Oriented strand board (better know as OSB) is one of the main materials used in parts of our house construction. It is a type of engineered wood, formed by adding special adhesives and then compressing many layers of wood strands, in specific orientation. OSB looks like (and is) a bunch of wood chips glued together.
Many constructors talk a lot about the differences between OSB and plywood, another important product that can be used in sub floors and walls. Building codes typically use the phrase “wood structural panel” to describe the use of plywood and OSB. Codes recognize these two materials as the same. Likewise, APA the Engineered Wood Association, the agency responsible for approving more than 75% of the structural panels used in residential construction, treat OSB and plywood as equals in their published performance guidelines. And wood scientists agree that the structural performance of OSB and plywood are equivalent.
Nonetheless the composition of each material is different. Plywood is made from thin sheets of veneer that are cross-laminated and glued together with a hot-press. Imagine the raw log as a pencil being sharpened in a big pencil sharpener. The wood veneer is literally peeled from the log as it is spun. Resulting veneers have pure tangential grain orientation, since the slicing follows the growth rings of the log. Throughout the thickness of the panel, the grain of each layer is positioned in a perpendicular direction to the adjacent layer. There is always an odd number of layers in plywood panels so that the panel is balanced around its central axis. This strategy makes plywood stable and less likely to shrink, swell, cup or warp.
In order to produce oriented strand-board logs are ground into thin wood strands. Dried strands are mixed with wax and adhesive, formed into thick mats, and then hot-pressed into panels. Don’t mistake OSB for chipboard or wafer-board. OSB is different. The strands in OSB are aligned. “Strand plies” are positioned as alternating layers that run perpendicular to each other. This structure mimics plywood. Wafer-board, a weaker and less-stiff cousin of OSB, is a homogeneous, random composition. OSB is engineered to have strength and stiffness equivalent to plywood.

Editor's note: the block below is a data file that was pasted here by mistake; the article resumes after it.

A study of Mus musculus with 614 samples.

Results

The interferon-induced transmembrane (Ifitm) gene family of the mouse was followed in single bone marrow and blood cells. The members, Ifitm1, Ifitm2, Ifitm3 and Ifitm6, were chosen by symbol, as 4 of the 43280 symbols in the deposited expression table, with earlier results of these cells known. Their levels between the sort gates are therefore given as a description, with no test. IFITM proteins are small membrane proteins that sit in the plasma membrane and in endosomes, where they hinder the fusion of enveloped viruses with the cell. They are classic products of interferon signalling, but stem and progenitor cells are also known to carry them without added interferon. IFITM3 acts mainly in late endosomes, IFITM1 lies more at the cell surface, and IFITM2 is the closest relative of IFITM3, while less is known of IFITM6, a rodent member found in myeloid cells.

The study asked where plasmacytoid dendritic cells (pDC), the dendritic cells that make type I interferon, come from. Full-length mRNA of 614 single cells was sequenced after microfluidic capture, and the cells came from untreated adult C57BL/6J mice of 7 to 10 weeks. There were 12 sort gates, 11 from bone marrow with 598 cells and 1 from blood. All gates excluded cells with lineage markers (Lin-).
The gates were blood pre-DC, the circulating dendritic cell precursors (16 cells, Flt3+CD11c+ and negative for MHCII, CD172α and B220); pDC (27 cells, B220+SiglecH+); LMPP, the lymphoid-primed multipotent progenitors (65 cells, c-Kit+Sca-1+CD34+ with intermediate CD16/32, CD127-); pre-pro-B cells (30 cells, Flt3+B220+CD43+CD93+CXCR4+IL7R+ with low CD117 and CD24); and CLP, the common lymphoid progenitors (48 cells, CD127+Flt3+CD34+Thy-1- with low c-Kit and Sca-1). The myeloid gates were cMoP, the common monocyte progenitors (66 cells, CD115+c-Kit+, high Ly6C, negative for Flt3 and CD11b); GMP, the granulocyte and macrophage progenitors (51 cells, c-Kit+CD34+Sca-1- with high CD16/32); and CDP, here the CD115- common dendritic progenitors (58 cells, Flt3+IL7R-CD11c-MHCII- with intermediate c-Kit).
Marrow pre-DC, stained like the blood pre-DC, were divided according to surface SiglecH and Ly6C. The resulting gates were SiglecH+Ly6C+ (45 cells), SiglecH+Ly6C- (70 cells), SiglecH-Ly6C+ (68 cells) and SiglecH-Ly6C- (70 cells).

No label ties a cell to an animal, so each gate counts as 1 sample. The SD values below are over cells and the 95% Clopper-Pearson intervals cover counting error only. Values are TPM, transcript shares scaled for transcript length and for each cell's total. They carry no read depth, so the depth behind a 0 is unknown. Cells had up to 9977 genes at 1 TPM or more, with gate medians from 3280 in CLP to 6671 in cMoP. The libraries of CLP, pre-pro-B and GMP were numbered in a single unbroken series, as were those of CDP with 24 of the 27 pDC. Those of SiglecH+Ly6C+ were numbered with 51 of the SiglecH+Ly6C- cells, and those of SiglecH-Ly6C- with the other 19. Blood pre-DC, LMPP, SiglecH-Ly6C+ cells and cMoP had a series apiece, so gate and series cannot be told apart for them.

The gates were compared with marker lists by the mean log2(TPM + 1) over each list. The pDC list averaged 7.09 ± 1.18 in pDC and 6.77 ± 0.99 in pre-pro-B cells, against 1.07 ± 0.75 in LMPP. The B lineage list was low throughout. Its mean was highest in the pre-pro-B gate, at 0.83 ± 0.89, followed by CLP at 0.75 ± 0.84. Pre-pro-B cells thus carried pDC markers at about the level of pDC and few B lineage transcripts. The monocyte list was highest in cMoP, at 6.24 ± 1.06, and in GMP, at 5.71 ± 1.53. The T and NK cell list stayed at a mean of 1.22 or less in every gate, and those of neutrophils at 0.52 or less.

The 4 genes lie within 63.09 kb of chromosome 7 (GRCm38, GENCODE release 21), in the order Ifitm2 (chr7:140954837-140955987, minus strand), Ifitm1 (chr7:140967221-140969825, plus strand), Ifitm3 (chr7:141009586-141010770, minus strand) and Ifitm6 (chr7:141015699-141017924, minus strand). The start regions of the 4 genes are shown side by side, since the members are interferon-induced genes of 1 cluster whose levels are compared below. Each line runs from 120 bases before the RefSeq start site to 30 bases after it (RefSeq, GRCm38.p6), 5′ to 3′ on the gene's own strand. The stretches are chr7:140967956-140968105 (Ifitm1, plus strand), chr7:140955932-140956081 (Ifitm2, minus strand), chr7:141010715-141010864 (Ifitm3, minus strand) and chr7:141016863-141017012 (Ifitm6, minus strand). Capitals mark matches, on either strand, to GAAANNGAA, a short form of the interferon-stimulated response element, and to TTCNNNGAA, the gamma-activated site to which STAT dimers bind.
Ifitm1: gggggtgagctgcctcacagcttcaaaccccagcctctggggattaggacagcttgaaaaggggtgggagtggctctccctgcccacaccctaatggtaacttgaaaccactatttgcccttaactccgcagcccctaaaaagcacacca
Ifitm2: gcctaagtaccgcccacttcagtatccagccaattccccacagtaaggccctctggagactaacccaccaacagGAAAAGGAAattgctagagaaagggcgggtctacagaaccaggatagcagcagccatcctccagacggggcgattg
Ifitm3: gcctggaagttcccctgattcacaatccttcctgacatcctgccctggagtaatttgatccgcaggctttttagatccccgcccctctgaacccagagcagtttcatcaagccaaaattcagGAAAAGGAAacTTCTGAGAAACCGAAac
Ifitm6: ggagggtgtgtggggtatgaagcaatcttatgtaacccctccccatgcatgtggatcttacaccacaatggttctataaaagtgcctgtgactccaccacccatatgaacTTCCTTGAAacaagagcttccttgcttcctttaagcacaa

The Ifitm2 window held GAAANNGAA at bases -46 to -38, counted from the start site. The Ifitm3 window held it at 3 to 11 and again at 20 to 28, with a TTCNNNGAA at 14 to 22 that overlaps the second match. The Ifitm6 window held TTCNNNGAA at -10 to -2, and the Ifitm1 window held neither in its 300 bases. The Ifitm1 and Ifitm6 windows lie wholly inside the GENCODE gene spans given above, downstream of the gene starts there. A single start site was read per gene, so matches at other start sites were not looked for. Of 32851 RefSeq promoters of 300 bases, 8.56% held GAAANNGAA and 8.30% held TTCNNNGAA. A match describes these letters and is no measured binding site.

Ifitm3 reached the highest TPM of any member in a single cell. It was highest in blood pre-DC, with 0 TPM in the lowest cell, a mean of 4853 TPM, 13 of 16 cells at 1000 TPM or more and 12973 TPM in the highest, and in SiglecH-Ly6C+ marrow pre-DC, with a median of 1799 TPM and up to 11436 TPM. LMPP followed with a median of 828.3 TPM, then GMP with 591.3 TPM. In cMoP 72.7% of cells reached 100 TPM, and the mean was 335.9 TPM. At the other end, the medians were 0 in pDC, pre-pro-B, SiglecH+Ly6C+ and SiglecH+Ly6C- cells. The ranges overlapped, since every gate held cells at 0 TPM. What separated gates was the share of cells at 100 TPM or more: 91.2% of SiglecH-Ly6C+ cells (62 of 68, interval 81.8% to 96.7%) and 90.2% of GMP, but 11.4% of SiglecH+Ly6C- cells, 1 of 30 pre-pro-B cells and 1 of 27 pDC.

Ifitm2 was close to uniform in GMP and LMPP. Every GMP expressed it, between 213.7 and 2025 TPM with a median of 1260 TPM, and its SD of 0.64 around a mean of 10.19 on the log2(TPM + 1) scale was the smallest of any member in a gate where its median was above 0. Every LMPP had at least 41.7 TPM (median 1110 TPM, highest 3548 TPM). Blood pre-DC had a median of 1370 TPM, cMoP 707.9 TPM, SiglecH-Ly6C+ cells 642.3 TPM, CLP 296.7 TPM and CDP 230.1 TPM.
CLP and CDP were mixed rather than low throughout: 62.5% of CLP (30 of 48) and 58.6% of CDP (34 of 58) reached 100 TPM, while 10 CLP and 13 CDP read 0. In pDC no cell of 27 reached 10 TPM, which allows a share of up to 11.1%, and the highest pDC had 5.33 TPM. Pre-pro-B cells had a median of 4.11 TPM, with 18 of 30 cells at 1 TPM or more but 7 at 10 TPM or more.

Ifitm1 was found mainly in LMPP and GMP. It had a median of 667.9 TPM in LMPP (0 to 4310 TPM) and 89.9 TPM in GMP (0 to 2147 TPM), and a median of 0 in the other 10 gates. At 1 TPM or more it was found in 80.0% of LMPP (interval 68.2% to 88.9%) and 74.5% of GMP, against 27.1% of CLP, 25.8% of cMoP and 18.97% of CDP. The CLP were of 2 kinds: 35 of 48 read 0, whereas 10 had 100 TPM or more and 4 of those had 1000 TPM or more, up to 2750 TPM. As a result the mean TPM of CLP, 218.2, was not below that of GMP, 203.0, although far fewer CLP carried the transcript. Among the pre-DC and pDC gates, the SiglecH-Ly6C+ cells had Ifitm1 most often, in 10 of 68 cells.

Performance is similar in many ways, but there are differences in the service provided by osb and plywood. All wood products expand when they get wet. The Structural Board Association (SBA), a trade association that represents OSB manufacturers in North America, has issued a technical bulletin outlining a plan to prevent this phenomenon. SBA correctly indicates that dry storage, proper installation, adequate roof ventilation and application of a warm-side vapor barrier will help prevent roof ridging, for example.
For the majority of the sub floor applications, both plywood and OSB are fine. Take care if you are thinking about using OSB as a sub-floor for tile. For wall sheeting both are good materials, and different builders will have different preferences. We prefer the use of OSB.
OSB products are improving a lot. Many companies are now reaching an excellent level of manufacturing, and you can avoid the problems from the past because of the new techniques involved in the process. But, until now, the worst enemy for the wood will continue to be the same: moisture and wet climates always will represent a threat for your house if your builder do not control the water exposure during the building process.